Top Colombian Idioms Explained
Idioms are found in every language and they help to explain the common customs and beliefs of a culture. Quite often idioms also help to provide a deeper understanding of societal values. Join us as we explore Colombia, the land famed as tierra querida, and see what sort of implicit messages are hidden below the surface.
Time to get notepads out for the following:
1. Dar papaya
Literal translation: To give papaya.
Meaning: Don’t put yourself in a position where others can easily take advantage of you. For example, don’t be an easy target if people ask you for money.
English idiom “Don’t get caught with your pants down.”
2. Darse picos
Literal translation: To give each other a peck.
Meaning: To kiss someone.
English idiom: It is usually used for dates for example in British English “to pull” someone or in American English “to hook up”.
3. Echar los perros
Literal translation: To throw out the dogs.
Meaning: Anyone with any intentions to date, had better get a pen out. In other words, to court, seduce or flirt.
English idiom: Chirpsing in the UK or chatting up in the US.
Literal translation: To be settled.
Meaning: For example any tourist or expatriate living in Colombia is likely to be be asked “¿estas amañado aquí?”, which means “are you settled here”?
English idiom: To be rooted somewhere.
5. Estar buena/o
Literal translation: To be good.
Meaning: A common phrase to say a female/male is good looking. For example a few male friends may say: ‘parece, esa chiquilla está muy buena’ meaning that girl is really attractive. On the other hand,‘estar bueno’ can be used in the same way for attractive men.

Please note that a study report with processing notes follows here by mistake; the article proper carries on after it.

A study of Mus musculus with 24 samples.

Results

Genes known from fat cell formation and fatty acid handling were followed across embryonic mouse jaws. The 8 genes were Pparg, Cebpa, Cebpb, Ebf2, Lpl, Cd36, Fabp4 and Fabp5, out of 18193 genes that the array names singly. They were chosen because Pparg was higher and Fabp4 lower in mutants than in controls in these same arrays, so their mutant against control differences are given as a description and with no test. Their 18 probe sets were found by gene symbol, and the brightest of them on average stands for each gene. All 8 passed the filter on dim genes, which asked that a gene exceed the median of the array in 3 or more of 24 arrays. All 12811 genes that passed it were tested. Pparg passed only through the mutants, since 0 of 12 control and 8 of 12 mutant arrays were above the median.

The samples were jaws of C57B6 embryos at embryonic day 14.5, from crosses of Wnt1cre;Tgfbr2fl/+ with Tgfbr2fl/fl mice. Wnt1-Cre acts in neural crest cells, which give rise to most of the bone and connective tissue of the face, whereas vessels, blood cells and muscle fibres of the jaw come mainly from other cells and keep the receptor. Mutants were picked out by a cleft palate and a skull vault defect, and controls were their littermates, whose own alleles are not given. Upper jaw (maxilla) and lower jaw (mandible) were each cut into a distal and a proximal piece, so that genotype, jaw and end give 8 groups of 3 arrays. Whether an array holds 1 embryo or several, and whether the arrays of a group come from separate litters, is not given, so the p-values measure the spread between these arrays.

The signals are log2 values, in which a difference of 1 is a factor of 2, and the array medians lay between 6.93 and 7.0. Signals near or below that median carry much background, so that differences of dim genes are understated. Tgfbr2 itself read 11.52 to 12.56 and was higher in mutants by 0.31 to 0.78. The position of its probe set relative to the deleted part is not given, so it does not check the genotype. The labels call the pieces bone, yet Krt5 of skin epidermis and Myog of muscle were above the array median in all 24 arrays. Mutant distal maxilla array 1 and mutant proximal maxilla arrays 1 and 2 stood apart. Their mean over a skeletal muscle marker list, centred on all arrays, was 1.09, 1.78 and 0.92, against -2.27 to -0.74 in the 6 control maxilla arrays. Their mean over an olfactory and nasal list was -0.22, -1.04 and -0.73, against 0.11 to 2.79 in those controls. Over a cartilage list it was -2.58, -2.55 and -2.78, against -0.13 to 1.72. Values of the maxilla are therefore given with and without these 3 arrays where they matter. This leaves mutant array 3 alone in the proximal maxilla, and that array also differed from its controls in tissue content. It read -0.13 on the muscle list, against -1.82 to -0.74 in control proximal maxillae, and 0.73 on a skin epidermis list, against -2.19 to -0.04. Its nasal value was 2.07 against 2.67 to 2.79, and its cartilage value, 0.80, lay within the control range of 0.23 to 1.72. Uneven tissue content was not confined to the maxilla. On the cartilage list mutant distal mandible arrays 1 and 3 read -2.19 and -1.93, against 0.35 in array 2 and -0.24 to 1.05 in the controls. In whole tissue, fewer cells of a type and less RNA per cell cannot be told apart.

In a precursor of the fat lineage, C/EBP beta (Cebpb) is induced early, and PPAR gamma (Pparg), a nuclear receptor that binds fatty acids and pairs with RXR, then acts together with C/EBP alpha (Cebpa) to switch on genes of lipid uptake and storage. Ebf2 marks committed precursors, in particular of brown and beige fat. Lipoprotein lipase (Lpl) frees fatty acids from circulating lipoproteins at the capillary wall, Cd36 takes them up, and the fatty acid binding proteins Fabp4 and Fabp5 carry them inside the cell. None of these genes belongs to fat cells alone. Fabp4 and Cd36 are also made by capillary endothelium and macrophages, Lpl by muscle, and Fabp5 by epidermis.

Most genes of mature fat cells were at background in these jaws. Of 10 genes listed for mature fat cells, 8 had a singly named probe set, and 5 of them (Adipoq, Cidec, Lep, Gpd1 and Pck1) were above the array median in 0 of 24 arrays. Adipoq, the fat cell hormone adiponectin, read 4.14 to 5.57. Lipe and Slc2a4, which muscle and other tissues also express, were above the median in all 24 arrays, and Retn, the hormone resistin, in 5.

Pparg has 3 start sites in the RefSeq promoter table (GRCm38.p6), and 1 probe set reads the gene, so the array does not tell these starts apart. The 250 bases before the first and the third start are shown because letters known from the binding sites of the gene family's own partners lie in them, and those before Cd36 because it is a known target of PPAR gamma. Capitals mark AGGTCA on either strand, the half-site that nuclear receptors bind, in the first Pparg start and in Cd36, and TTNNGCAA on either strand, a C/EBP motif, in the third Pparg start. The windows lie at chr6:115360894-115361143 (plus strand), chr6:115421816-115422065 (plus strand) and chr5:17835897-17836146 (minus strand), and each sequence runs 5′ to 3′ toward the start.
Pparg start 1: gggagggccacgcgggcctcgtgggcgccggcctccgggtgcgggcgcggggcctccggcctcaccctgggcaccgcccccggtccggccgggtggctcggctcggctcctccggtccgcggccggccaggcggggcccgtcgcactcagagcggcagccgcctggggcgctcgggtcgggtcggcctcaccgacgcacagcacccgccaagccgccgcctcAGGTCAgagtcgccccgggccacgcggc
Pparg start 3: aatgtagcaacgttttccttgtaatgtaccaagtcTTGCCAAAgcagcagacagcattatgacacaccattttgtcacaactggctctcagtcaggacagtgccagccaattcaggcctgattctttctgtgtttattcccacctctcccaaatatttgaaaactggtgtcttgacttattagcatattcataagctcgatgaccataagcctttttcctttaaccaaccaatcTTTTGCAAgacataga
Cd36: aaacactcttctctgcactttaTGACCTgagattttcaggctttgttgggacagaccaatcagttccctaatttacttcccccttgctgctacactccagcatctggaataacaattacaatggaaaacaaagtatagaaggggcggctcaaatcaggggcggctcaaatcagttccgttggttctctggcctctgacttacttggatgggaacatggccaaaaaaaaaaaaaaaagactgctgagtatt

English idiom: That girl/guy is hot.
6. Por si las moscas
Literal translation: For if the flies.
Meaning: In the same way that we say “just in case.”
English idiom: Just in case.
7. Hacer la vaca
Literal translation: To make/do the cow.
Meaning: For everyone to split the bill.
English idiom: “Whip around” in the UK, “to chip in” in the US, or to split the bill.
8. Poner/montar los cachos
Literal translation: To put on/ride the horns.
Meaning: To be sexually unfaithful to one’s partner.
English idiom: To cheat on someone.
9. ¡Que pereza!
Literal translation: What laziness!
Meaning: When you’re forced to do something you don’t want to do.
English idiom: What a bore!/What a pain!/This sucks!
10. Estar tragado/a de alguien
Literal translation: To be swallowed off of someone.
Meaning: When you’re really into someone or have fallen in love.
English idiom: Literally, thanks to Queen B, “Drunk in Love.”
Whether you’re on a business trip or planning your sabbatical abroad to Colombian then it’s best to come prepared with a few phrases in mind. This will definitely stand you in good stead, by helping you to ingratiate yourself into the local community more. Whether you’re bartering at a market for a cheap soccer jersey of the national team, los cafeteros, or making some friends whilst sharing a bottle of Aguila beer in the sweltering heat of Barranquilla, or perhaps trying some of the local delicacies such as an arepa, a corn-based bake, make sure you incorporate some of these idioms into your speech and just wait and listen to the locals’ reactions!